New global rules, proposed by the Financial Stability Board and the International Organization of Securities Commissions, aim to do this too for the open-ended fund sector, worth $60tn in 2022 according to the Investment Company Institute.
Some, including mutual funds and property funds, have a potential liquidity mismatch. Clients can ask for their money back daily, selling their shares back to the fund at that day’s calculated net asset value. Yet the fund itself may be invested in either illiquid assets. Cash buffers, designed to absorb typical trading volumes, may anyway prove insufficient in a rush to sell.
Institutions in this position may find it difficult to sell assets, or have to take a big discount to NAV, causing those investors remaining in the fund to suffer losses. Such concerns were heightened by the collapse of the Woodford fund in 2019. More recently property funds such as Blackstone’s have faced excessive redemption requests.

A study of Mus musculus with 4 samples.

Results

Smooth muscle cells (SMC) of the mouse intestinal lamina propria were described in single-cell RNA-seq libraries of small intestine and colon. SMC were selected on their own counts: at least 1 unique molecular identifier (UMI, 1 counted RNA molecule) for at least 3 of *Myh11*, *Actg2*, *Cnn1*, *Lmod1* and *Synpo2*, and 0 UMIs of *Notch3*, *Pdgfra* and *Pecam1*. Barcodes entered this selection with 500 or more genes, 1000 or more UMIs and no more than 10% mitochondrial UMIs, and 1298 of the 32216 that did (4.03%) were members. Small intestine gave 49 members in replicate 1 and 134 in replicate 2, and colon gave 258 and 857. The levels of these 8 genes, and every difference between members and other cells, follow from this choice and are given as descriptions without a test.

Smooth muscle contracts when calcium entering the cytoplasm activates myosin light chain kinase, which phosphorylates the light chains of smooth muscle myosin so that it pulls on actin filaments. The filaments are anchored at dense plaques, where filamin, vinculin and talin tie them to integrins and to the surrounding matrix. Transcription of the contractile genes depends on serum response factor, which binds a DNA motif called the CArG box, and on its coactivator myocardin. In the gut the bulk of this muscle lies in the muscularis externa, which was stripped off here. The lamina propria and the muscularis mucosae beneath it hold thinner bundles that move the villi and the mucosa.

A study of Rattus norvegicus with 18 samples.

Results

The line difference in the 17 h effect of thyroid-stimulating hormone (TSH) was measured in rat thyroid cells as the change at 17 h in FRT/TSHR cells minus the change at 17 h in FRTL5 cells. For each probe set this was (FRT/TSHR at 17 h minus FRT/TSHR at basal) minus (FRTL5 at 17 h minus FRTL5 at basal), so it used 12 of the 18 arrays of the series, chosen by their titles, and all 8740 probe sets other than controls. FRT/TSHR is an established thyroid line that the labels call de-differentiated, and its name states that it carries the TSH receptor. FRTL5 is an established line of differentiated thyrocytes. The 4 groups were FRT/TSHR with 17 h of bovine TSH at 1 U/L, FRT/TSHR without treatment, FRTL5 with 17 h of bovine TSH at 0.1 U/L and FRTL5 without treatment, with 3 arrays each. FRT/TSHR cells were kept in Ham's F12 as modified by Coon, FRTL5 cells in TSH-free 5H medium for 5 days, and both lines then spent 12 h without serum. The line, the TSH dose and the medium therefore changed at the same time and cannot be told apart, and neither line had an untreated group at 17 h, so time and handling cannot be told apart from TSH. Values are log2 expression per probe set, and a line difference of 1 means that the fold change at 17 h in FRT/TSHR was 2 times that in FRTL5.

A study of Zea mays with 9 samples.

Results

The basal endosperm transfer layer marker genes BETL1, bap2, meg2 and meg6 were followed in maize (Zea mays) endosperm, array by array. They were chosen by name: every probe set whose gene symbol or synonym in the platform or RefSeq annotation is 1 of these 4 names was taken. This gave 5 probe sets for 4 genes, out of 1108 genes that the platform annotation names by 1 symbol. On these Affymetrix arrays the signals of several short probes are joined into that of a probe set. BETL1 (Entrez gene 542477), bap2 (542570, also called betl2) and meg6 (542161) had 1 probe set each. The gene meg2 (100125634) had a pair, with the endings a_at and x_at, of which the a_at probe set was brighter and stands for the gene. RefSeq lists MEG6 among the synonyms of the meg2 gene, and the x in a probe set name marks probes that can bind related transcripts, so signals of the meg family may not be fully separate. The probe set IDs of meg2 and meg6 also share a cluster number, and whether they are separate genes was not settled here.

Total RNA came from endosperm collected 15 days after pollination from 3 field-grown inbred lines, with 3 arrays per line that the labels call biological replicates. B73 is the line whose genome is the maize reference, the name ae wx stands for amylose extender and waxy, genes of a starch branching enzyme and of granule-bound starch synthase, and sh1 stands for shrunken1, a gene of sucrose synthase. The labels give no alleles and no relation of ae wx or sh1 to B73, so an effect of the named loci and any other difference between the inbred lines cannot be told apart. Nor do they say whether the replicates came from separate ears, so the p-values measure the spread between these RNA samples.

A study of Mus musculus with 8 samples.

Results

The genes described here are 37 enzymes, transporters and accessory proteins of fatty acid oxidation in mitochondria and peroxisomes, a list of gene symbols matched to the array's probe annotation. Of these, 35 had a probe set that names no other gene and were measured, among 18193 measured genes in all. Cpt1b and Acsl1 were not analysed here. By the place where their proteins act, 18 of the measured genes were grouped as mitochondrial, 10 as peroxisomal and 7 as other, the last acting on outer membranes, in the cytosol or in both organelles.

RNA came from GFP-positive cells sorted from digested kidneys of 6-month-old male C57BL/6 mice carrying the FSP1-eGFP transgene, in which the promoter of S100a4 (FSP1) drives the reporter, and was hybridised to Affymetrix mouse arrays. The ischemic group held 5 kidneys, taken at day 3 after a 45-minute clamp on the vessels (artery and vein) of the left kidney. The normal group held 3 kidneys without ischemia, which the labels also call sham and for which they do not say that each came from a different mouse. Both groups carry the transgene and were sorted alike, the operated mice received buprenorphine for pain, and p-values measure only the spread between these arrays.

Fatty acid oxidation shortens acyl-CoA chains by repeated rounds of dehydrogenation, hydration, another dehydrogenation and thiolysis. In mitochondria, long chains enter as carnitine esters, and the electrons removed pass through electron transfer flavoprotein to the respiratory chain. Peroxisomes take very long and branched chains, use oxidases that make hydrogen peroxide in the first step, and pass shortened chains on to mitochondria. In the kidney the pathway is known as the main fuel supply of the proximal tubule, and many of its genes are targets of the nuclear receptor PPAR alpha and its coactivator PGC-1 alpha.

At first glance, the FSB’s approach looks sensible. The idea is to classify funds into buckets, depending on how illiquid their underlying holdings are judged to be.
National legislation will need to define what falls into which category. Broadly speaking, funds that are mostly invested in liquid holdings can carry on as they were. Funds replete with illiquid assets could delay redemptions, or charge additional fees to reflect any extra exit costs.
None of this is foolproof. All assets can become illiquid given sufficient market ructions. Yet some are clearly riskier than others. Meanwhile, herd behaviour is damaging to financial markets. Moves that minimise the incentive to stampede should be welcomed.